WALTHAM — Brad Stevens has worked in close proximity to successful sports teams before, but nothing like what he has encountered since arriving in New England.
“It’s unbelievable,” the rookie Celtics coach said before practice Tuesday.
A quick rundown:
Last year, the Red Sox won the World Series, the Bruins reached the Stanley Cup Final, the Patriots were one win away from the Super Bowl, and Boston College running back Andre Williams was a finalist for the Heisman Trophy.
In the college basketball ranks, Harvard and UMass reached the NCAA men’s tournament this year, with Harvard winning a second-round game.
And then the UConn men’s basketball team won the NCAA title Monday night, with the UConn women’s team doing the very same Tuesday night.
Stevens pointed out that the region he came from, Indiana, has done rather well in sports.
“But maybe not quite as many championships,” he added.
“Obviously, it’s always unbelievable to watch champions perform . . . especially the professional sports teams, what they’ve accomplished is remarkable and you can learn a lot from them.”
It does place Stevens in an interesting position, though, because amid all that local success, the Celtics are having one of their worst seasons in history, with a 23-54 record heading into Wednesday night’s game in Atlanta against the Hawks.
Those 54 losses (with five games left) are the third-most in franchise history, trailing the 2006-07 (58) and 1996-97 (67) teams.
In other words, the Celtics are the lone brown spot on the apple, sports-wise, and that bothers Stevens, who can look around and see just how high the bar has been raised.
“It’s hard being in the position we’re in,” he said. “It’s hard being the team that’s not achieving.”
Does he feel more pressure to win, to try and keep up with the Joneses?
“I don’t know if the pressure feels any different to me,” he said. “It feels the same. It’s self-imposed.”
MRI for Humphries
Stevens said forward Kris Humphries will get an MRI on his right knee Wednesday instead of traveling with the team to Atlanta. Humphries missed Saturday’s game against Detroit with a strained right patella tendon. Stevens also said that Avery Bradley and Jared Sullinger are expected to play against the Hawks. Bradley has been sidelined for three games with a strained right Achilles’ tendon, and Sullinger missed practice earlier Monday after suffering a bruised thigh Saturday. Sullinger said he doesn’t want to take any time off, though. “I want to finish the season out strong,” he said. “There’s never been a quitter inside me. I want to finish this season out.”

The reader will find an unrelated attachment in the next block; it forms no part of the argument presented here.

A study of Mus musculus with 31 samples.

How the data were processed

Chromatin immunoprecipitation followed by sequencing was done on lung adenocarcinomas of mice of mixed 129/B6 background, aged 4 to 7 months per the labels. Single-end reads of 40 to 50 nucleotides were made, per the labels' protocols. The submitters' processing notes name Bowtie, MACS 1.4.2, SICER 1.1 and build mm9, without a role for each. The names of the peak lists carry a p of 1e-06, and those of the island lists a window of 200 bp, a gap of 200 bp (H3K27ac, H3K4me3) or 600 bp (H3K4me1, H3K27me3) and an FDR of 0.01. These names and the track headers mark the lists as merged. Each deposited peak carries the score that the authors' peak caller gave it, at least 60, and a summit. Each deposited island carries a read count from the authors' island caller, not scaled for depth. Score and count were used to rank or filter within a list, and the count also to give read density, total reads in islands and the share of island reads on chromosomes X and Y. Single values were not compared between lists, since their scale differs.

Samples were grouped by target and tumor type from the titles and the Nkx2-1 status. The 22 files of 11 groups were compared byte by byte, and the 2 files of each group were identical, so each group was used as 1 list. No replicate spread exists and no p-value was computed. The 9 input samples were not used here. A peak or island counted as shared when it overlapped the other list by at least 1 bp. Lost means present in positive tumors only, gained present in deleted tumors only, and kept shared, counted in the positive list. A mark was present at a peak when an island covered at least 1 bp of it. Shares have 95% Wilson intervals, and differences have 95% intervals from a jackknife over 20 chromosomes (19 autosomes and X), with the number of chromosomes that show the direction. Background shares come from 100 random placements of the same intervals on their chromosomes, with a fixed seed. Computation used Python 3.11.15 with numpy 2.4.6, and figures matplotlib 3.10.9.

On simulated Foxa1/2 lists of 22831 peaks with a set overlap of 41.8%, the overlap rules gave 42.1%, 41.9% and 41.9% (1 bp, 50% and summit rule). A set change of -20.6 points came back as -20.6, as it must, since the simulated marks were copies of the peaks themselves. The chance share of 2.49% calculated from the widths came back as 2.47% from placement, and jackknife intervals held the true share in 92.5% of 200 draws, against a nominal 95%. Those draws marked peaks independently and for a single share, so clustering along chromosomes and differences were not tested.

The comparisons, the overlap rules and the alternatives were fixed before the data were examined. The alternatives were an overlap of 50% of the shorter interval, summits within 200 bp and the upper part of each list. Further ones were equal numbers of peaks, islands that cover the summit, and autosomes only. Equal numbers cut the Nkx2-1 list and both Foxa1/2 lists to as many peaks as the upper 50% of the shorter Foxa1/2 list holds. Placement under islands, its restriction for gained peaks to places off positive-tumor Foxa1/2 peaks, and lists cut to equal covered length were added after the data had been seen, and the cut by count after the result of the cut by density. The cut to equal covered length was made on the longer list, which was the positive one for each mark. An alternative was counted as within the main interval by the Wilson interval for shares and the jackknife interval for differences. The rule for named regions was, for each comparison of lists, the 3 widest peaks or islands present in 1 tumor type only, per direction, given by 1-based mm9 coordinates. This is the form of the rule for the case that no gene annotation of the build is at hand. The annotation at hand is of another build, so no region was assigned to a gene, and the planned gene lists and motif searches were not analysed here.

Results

The Celtics will miss the playoffs, so the only role they can play now is spoiler. “We want to be that team,” said point guard Rajon Rondo. “Hopefully we can mess up Atlanta’s record a little bit more and knock those guys out of the playoffs.” The Hawks sit in eighth place in the Eastern Conference and are looking to clinch a playoff berth. “It’s beautiful, now you have a chance to spoil somebody’s playoff contention,” Sullinger said. The Celtics will also play playoff-bound Charlotte and Washington in their final five games. But Stevens said he doesn’t relish the role of playing spoiler, nor will he try to use that as motivation for his players. “It’s more about focusing on us,” he said. With the Celtics not playing for the postseason, Rondo said the mood around the team is “more relaxed. We’re not playing for a seed, trying to jockey our position anyplace. It’s pretty relaxed. Guys are still upbeat.”
Rondo reaffirmed that he doesn’t plan to play this weekend against the Cavaliers in Cleveland, as that game is the second of a back-to-back set and Rondo hasn’t played in such games all season, instead sitting out to rest his surgically repaired right knee. As Rondo was speaking to reporters, forward Jeff Green came up behind him and said, “I just want to say, ‘Go UConn.’ ” Rondo attended Kentucky, which lost to Connecticut in Monday’s NCAA men’s championship game. Rondo noted, though, that Green went to Georgetown, which didn’t reach the NCAA Tournament this season. Stevens said he watched most of Monday night’s game. “Having been on the other end of two of those, I feel for the team that lost,” said Stevens, who reached the NCAA title game in 2010 and 2011 and lost both times.Baxter Holmes can be reached at email@example.com. Follow him on Twitter @BaxterHolmes.